4 May

Hello lovelies!!!

And how are you today?

Sunday met me with fatigue. I slept in beyond the sun rising and although my body needed it I woke up with guilt. I hate wasting the day. 

I shuffled around my city apartment eager to prep for a run. That’s right—a run! 

The doctors tell me NO running but over the course of the past few weeks I’ve logged miles and sweat that rehabbed me just like Hawaii did. Am I always predisposed to opposition, especially from doctors—yes…but perhaps all I needed was a the salty elixir of the beach, too many glasses of chardonnay and tequila, fresh sushi and a place that reminded me how vast this Earth is. 

I believe all I needed was a break from the strict regimen that I created. Hawaii was an excuse for a mental rehab, a healthy diet without counting calories while indulging in a little more than moderate alcohol consumption. Was this the cure for my hip? Did I need to exercise some bad habits because I was too prudent before with my exercise routine? Yes. I was walking a tightrope and I desperately needed to fall. The safety net was the sand, hiking, and water. 

I speculated that I was living before in the walls I confined myself to. Then I found myself on an island where I captured endless panoramas of the sky and the sun kissing the water’s horizon.

 I wasn’t confined to any space at all, anymore. I had an infatuated and romantic spirit romanticizing every scene discovering new memories and treasures. I didn’t worry about my lack of miles journaled. It was outrageous! This was the first time I traveled without working out. I lived in the moment. I Inhaled the thick air and allowed it to be my compass to new maps and new chance meetings. I treaded the map without caution. No barriers. 

Talking about barriers, I was recently confined to the small space known as an MRI. Oh man that machine can double as a familiar nightmare. It was one hour of awkward positioning, feet strapped in unnaturally like I was in a psych ward sending sharp pain to my right hip, and loud noises that sounded like an alien-invasion—but no worries, while the alien invasion noises echoed I was acquainted with the backdrop of classic rock and roll promising me all was right and normal in the world [insert obnoxious alien sounds here 🎶]…What a clever way to haunt a patient while blinding them of the reality of what is really going on.  

What really went on was that these aliens, aka Doctors, diagnosed me thereafter and warned me that I can’t run anymore without surgery. I was indeed blind-sighted. Not running is not an option.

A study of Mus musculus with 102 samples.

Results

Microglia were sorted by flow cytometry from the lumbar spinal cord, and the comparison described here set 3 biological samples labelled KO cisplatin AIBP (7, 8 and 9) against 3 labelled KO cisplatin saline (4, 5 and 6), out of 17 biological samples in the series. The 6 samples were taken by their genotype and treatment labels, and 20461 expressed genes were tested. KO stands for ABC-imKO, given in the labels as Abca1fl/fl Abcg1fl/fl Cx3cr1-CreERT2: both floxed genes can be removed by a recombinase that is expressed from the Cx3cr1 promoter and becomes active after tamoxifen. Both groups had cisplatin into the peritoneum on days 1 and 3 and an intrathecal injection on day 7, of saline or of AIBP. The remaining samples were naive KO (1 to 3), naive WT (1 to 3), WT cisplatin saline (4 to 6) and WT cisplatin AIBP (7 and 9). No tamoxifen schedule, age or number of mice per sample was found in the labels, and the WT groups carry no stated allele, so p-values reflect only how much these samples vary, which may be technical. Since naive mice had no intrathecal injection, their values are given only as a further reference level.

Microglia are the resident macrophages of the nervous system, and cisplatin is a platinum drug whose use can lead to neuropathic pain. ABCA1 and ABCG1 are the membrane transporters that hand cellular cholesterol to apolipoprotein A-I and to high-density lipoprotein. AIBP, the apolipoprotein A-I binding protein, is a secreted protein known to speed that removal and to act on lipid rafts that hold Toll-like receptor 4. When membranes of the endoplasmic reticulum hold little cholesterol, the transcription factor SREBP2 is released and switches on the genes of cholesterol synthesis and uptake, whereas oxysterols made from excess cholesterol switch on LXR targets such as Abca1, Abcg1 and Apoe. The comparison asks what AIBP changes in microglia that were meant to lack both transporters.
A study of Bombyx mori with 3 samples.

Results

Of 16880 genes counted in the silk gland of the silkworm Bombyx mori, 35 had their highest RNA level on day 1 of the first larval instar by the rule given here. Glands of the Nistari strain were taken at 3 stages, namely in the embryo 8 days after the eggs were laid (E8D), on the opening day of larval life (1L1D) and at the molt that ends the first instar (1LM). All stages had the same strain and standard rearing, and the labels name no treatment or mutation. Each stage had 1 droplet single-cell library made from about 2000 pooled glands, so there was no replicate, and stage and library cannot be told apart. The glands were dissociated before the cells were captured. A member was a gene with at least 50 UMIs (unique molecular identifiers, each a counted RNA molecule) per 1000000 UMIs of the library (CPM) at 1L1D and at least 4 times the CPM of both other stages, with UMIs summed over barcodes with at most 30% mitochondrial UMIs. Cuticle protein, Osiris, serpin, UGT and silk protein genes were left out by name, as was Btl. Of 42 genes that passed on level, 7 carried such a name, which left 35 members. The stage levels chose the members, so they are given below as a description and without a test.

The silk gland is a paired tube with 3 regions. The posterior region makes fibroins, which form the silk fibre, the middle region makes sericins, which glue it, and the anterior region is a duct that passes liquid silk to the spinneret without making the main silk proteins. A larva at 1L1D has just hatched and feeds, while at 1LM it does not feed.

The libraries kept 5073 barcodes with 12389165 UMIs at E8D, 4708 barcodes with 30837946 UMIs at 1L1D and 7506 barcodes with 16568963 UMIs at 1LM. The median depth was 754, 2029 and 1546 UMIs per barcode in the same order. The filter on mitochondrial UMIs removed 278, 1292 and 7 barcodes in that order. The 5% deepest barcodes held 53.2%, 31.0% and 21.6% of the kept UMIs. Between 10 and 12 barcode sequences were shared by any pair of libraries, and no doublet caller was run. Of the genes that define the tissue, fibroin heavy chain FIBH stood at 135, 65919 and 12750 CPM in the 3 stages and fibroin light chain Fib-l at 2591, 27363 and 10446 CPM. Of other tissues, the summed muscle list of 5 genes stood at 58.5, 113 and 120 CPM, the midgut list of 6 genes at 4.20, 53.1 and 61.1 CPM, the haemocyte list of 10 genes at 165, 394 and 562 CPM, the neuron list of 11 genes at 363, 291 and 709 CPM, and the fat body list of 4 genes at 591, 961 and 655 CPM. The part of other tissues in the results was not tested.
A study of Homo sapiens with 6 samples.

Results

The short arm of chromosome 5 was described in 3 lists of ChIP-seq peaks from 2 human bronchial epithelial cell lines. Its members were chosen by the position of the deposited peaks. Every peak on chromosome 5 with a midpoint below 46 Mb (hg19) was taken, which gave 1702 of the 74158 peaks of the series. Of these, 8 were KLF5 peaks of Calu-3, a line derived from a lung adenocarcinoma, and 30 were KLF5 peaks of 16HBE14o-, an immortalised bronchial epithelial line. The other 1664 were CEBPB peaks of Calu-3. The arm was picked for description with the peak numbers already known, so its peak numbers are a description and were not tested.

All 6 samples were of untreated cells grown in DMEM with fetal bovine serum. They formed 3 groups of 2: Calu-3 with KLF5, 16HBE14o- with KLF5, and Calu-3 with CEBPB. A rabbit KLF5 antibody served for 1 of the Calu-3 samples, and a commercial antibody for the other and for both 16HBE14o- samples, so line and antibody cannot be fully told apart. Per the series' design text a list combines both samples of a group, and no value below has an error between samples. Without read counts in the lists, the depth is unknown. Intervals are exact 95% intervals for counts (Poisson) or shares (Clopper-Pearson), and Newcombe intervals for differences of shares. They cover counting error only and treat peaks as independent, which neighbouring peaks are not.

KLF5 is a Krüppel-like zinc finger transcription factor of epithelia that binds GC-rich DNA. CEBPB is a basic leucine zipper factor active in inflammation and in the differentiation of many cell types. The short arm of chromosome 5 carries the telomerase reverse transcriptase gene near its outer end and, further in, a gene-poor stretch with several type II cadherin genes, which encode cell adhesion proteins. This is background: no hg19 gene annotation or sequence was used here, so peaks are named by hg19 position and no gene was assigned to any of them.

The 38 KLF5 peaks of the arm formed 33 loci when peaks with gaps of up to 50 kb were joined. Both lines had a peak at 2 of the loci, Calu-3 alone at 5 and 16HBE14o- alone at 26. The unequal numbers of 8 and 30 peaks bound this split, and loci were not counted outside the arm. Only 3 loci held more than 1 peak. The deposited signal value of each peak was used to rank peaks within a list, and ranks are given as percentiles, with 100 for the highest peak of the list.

A month has gone by since the MRI and I have been healed through the salt of my tears and sea; tears for several inexplicable reasons and tears for reasons that you know. So today, Sunday, I decided to run the tears out. 

It was a late start but I started nonetheless. My recent experiences, a divorce, going to Hawaii, being united with my loved ones, they have all been powerful and equally fundamental agents in my healing. The experiences have been my compass and like the thick air of Hawaii, they gave a pulse to my veins and a pulse for my run.

So I ran. I ran only 6 miles today and all the miles were euphoric. I’ve been to a lot of places and I ran this stretch of course before, but it was unlike my other runs. Was it my new breath that changed its scene? Or was it my new compass and the direction of my dreams? Today’s run didn’t have that voice in my head lambasting me with my foul ups of the past. My voice was encouraging me and promising me that the damage I had done was done. There was NO war-zone. It was a peaceful run for the most part—but an equally difficult one as I rummaged through my recent memories that had me transported home with family and friends where unconditional love, kindness and support thrive. I wanted to cry but for ALL the right reasons. 

I didn’t cry. I just ran. I started slow to make certain I didn’t aggravate my hip; however, keeping a pace of 7:40-8:00 for a 6 mile run was torture. I needed speed. I picked up my pace, drove my knees forward, tightened my stomach and kept turning over my feet until my lungs felt challenged. I found the familiar rhythm of my steps. Oh thank goodness. A month off of regimented running and I still had speed—even after an indulgent vacation! I call this REASSURANCE!  

And so I ended my run with an attitude of gratitude. I was (still am) grateful for the hiccups, the blessings, the past, the memories, the present and the future. I’m grateful I was able to run without pain. I am grateful that I am making my way for a comeback.  

Today’s run reminds me that the only walls I want to ever be confined to are those of an MRI. Hawaii was good for me. The open space, the majestic and powerful water, diverse panoramas, laughter and the endless chardonnay were my healing agents. Sometimes the best cure for an inherit body quirk is time off from routine. 

Salute to taking your running shoes off and letting your feet glide over the cool sand while you slow dance to the harmonious symphony any of the waves crashing upon the shore under the night sky. 

This has been my rehab.

 “Making a comeback is one of the most difficult things to do with dignity [on and off the course]” – Greg Lake.

What has your running rehab been? How do you take time off that feels rewarding?

Thanks for stopping by and happy running and happy living!